NYU will be well represented at NAACL in Minneapolis early June, one of the three major conferences in NLP and computational linguistics. We'll see four papers at the main conference:
Studying the inductive biases of RNNs with synthetic variations of natural languages
Shauli Ravfogel, Yoav Goldberg and Tal Linzen (NYU Linguistics PhD '15)
Subword-Level Language Identification for Intra-Word Code-Switching
Manuel Mager, Özlem Çetinoğlu and Katharina Kann (NYU Data Science)
On the Idiosyncrasies of the Mandarin Chinese Classifier System
Shijia Liu, Hongyuan Mei, Adina Williams (NYU Linguistics PhD '18) and Ryan Cotterell
On Measuring Social Biases in Sentence Encoders
Chandler May, Alex Wang (NYU CS), Shikha Bordia (NYU CS), Samuel R. Bowman (NYU Linguistics) and Rachel Rudinger
In addition, Sam Bowman will give a tutorial mini-course on natural language inference and an invited talk at the attached *SEM computational semantics mini-conference, and Alex Wang (NYU CS), and Shikha Bordia (NYU CS) will both present additional papers at attached workshops.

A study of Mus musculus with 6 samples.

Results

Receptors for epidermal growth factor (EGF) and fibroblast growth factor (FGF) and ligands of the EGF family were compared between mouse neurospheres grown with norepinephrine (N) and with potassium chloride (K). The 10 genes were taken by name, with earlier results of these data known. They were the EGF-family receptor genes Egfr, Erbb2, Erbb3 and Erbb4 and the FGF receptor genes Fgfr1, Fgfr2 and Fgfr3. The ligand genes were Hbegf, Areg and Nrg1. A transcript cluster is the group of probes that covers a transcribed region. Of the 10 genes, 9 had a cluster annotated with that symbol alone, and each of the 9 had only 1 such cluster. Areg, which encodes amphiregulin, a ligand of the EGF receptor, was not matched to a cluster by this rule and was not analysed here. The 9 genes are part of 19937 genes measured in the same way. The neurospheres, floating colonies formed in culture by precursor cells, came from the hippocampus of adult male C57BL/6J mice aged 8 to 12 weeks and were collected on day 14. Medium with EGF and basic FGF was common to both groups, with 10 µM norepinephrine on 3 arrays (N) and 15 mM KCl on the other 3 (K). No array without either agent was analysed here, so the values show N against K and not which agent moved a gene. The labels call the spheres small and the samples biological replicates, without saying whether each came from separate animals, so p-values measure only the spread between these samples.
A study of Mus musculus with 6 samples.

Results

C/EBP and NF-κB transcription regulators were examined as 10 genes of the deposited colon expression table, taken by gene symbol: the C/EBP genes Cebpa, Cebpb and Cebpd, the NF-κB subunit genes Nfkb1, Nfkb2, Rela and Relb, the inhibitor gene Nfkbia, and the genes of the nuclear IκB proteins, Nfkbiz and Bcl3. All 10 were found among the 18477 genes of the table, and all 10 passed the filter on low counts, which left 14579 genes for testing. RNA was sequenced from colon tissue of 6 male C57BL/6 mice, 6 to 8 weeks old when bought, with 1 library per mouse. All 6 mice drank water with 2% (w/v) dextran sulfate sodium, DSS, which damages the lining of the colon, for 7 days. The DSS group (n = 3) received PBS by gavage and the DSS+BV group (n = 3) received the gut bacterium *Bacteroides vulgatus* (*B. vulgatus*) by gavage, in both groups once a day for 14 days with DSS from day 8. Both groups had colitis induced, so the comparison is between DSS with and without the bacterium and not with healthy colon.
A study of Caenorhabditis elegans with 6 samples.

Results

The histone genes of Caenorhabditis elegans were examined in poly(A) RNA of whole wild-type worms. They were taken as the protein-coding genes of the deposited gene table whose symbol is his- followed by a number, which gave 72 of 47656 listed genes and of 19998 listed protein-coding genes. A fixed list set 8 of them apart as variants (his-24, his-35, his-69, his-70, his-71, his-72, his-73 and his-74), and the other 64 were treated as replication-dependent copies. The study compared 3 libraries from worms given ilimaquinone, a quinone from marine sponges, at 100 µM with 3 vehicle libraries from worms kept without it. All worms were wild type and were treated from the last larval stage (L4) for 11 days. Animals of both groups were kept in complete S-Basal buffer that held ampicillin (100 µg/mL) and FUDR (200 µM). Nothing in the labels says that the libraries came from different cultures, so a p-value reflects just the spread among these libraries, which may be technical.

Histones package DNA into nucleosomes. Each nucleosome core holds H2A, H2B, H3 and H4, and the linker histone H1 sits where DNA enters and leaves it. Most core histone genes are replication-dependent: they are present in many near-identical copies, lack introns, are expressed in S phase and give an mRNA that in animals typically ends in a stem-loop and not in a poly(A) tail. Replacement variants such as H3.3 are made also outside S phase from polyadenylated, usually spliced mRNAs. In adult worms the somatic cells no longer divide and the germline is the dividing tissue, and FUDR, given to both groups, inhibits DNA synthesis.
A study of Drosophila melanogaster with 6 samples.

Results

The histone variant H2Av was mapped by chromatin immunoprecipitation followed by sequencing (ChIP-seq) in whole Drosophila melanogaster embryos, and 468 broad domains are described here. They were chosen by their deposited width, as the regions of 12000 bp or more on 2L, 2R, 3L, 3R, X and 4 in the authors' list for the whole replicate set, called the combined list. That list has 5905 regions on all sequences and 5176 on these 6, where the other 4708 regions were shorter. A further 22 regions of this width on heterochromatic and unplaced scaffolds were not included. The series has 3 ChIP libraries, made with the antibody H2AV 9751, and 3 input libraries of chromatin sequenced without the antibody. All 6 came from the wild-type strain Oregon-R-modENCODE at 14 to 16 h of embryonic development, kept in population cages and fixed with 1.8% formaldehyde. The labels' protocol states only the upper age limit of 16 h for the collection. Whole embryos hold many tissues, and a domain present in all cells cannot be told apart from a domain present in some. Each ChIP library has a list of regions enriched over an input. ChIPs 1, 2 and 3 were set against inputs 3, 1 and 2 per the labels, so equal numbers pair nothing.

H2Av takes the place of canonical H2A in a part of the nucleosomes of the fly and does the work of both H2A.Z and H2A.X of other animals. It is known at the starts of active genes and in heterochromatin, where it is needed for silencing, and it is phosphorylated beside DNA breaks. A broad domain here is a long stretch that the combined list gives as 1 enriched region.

In related news, we saw three NYU Linguistics-connected papers appear at the International Conference on Learning Representations, a major conference on artificial intelligence and machine learning, which took place in New Orleans earlier this month:
RNNs Implicitly Implement Tensor Product Representations. International Conference on Learning Representations R. Thomas McCoy, Tal Linzen (NYU Linguistics PhD '15), Ewan Dunbar & Paul Smolensky
GLUE: A Multi-Task Benchmark and Analysis Platform for Natural Language Understanding Alex Wang (NYU CS), Amanpreet Singh (NYU CS), Julian Michael, Felix Hill, Omer Levy, and Samuel R. Bowman (NYU Linguistics).
What do you learn from context? Probing for sentence structure in contextualized word representations
Ian Tenney, Patrick Xia, Berlin Chen, Alex Wang (NYU CS), Adam Poliak, R. Thomas McCoy, Najoung Kim, Benjamin Van Durme, Samuel R. Bowman (NYU Linguistics), Dipanjan Das, and Ellie Pavlick.